The Rev. Shay Auerbach stood beneath a stained-glass window and a cross hanging down from the high ceiling of Sacred Heart Catholic Church.
Before him was Mariana Mendoza, a Henrico County teenager experiencing one of the seminal moments in Latino culture. Family and friends were gathered in the pews of the South Richmond church, staring in awe at Mendoza’s sparkly gold and purple dress.
Her father, Leonel Mendoza, had walked her down the aisle of the church that August afternoon for her quinceañera, a celebration of a girl’s 15th birthday. The traditional ceremony featured hymns, a brief sermon from Auerbach and the presentation of gifts, such as a gold Bible, from family members who fought back tears.
“We realize how much God loves her and how life has purpose for her,” Auerbach said to Mendoza, who wants to be a surgeon as a way to help people. “It’s not always going to be easy, but you have to keep trying.”
The tradition, which got its start in Latin America, signals a transition from a girl to a woman. It’s a rite of passage for Latina girls, a religious and social event for both the family and community to celebrate the move into womanhood.
Sacred Heart Catholic Church holds a few quinceañeras each month, part of its extensive services as the oldest Catholic church in Richmond south of the James River. The church has evolved into a Latino-dominant church, transitioning alongside the communities it serves.
Located at 1400 Perry St., Sacred Heart holds six masses weekly — two in English and four in Spanish — with weekly attendance of more than 1,100 people. In combination with a community center across the street bearing the same name, Sacred Heart has evolved into a hub for the region’s growing Latino community.
“The church takes care of the spiritual side of it,” said Auerbach, who has been the church’s pastor since 2008. “The center takes care of the social justice side of things.”
The Sacred Heart Center opened in 1990 in the former Sacred Heart School building, property owned by the neighboring parish but operated independently by the nonprofit center.
Like the church itself, which originally catered to a Irish and German congregation, the population the center serves has also evolved, from white to black to Latino. In 2011, the center’s mission changed to focus specifically on Latino communities.
“We envision a Richmond community that actively embraces each other and our shared humanity,” said Tanya Gonzalez, the center’s executive director since 2016. “I hope that people would get to know our community and see our beauty the way I see it on a daily basis.”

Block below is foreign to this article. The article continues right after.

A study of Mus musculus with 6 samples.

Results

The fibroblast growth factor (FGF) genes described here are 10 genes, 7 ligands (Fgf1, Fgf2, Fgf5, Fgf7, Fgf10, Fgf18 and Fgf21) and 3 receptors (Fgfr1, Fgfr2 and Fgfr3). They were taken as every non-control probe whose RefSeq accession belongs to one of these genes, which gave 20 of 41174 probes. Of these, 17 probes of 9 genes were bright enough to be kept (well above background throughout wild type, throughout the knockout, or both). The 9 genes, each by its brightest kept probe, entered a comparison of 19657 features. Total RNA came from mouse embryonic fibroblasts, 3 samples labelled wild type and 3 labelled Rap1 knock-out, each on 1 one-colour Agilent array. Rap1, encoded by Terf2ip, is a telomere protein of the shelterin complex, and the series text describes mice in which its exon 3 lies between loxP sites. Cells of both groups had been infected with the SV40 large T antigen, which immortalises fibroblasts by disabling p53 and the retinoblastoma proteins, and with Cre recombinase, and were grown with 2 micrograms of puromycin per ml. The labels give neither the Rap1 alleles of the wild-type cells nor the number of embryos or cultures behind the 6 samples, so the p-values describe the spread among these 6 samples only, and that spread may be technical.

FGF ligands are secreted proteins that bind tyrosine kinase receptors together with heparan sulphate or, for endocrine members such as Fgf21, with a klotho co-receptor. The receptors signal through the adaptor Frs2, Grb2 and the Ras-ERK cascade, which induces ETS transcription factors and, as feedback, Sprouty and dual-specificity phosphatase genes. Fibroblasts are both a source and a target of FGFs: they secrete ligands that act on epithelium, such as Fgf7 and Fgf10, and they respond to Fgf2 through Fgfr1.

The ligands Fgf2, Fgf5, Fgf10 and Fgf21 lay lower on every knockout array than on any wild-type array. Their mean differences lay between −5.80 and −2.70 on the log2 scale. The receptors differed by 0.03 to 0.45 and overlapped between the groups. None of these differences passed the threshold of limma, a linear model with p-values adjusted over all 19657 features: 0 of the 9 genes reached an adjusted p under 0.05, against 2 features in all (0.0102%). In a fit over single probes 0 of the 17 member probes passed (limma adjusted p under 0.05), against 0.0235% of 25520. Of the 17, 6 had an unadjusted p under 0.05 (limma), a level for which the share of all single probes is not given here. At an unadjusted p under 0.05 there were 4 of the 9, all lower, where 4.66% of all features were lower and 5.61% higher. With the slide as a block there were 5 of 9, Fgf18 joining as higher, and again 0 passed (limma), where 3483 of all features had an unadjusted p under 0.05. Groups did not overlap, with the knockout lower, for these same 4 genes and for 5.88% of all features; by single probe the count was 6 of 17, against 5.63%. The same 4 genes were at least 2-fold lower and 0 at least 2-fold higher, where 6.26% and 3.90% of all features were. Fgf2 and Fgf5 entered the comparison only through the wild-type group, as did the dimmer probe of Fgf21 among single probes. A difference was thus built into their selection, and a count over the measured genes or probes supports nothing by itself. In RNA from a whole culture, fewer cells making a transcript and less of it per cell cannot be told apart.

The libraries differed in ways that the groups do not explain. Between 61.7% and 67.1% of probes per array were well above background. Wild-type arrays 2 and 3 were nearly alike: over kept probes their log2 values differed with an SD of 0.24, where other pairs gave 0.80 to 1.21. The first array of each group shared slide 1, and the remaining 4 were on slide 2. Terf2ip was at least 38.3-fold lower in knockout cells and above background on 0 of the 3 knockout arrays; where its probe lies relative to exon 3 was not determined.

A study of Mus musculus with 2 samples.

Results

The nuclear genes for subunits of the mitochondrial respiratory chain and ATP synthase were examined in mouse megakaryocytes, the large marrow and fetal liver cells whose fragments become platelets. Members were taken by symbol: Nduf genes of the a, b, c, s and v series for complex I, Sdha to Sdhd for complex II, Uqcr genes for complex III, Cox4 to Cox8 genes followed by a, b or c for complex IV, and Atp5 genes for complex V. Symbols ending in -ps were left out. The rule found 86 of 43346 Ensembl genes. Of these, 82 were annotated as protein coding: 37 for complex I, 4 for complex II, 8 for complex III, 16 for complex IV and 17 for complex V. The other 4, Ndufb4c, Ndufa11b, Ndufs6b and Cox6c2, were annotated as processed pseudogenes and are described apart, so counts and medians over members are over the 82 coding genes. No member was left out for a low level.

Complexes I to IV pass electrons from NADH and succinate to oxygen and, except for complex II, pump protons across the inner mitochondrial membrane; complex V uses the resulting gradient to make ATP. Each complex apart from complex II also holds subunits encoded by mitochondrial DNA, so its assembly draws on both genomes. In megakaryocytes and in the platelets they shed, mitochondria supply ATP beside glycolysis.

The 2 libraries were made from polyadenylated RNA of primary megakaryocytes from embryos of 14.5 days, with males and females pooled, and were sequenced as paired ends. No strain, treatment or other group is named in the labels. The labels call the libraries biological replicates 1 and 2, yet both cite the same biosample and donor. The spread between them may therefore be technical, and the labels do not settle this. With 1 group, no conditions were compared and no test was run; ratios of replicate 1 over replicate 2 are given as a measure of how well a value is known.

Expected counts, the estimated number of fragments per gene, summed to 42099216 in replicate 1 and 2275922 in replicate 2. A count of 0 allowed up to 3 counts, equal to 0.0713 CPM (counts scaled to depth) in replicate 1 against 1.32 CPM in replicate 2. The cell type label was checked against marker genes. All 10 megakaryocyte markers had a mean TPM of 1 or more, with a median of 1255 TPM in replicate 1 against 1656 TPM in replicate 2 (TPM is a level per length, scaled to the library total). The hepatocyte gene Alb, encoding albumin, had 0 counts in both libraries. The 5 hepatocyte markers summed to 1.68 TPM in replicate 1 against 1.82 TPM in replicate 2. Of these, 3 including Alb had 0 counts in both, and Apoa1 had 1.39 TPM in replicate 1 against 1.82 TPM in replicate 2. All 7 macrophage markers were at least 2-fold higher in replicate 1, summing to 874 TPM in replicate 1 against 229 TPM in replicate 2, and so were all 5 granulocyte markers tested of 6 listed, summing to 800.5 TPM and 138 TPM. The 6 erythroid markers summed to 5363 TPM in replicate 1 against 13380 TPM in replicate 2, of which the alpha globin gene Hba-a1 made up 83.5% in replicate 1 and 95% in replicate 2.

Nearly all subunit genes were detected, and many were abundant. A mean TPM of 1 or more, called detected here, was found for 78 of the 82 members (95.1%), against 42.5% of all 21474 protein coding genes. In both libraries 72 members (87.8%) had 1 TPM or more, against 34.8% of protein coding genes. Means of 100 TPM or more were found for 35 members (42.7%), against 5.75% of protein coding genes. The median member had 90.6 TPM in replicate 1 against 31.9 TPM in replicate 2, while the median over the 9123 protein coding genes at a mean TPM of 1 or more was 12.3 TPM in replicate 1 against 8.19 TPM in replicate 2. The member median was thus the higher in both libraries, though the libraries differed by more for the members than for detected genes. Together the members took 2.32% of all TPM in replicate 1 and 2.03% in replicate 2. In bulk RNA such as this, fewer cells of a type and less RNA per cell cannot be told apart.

The center’s reach extends far beyond just the Manchester neighborhood where it stands.
The area’s Latino population is on the rise, according to the U.S. Census Bureau, with the ethnicity representing 6.7 percent of the city’s population, 8.8 percent in Chesterfield County, 5.6 percent in Henrico and 3.1 percent in Hanover County.
By 2030, nearly one in five people in the area will be Latino, according to projections from the Weldon Cooper Center for Public Service at the University of Virginia. Chesterfield would have the highest percentage at 23.2 percent.
“This is a population in Richmond that is large and getting larger,” said Brooke Purcell, a member of the center’s board. “The Sacred Heart Center is the primary place that has stepped forward to meet the needs of this community and bring them together and give them a voice.”
Said fellow board member Bill Weber: “A healthy Latino community brings a very additive element to a community, just from a culture and energy.”
The services offered by the center range from English as a Second Language classes (how Purcell initially got involved with the center) for adults to art classes for children. The center offers a 10-week program to help members of the community prepare for the citizenship test and also has a leadership institute where participants earn three credits from the University of Richmond.
A conversational Spanish class is also taught for people who aren’t native speakers. The center has a table with information about its services outside of Mass on Sundays.
Led by a staff of about 30 people — eight of them are full-time employees — the center serves about 10,000 people each year, some of them members of the church across the street and others who are not.
“They’re here for the community,” said Tonya Osinkosky, a community organizer with New Virginia Majority who called the center an “anchor.”
Seen as an anchor, a classroom and a faith home, Sacred Heart carries on, as it has since 1901 as a church and 1990 as a center, meeting the needs of people both within and beyond its brick walls.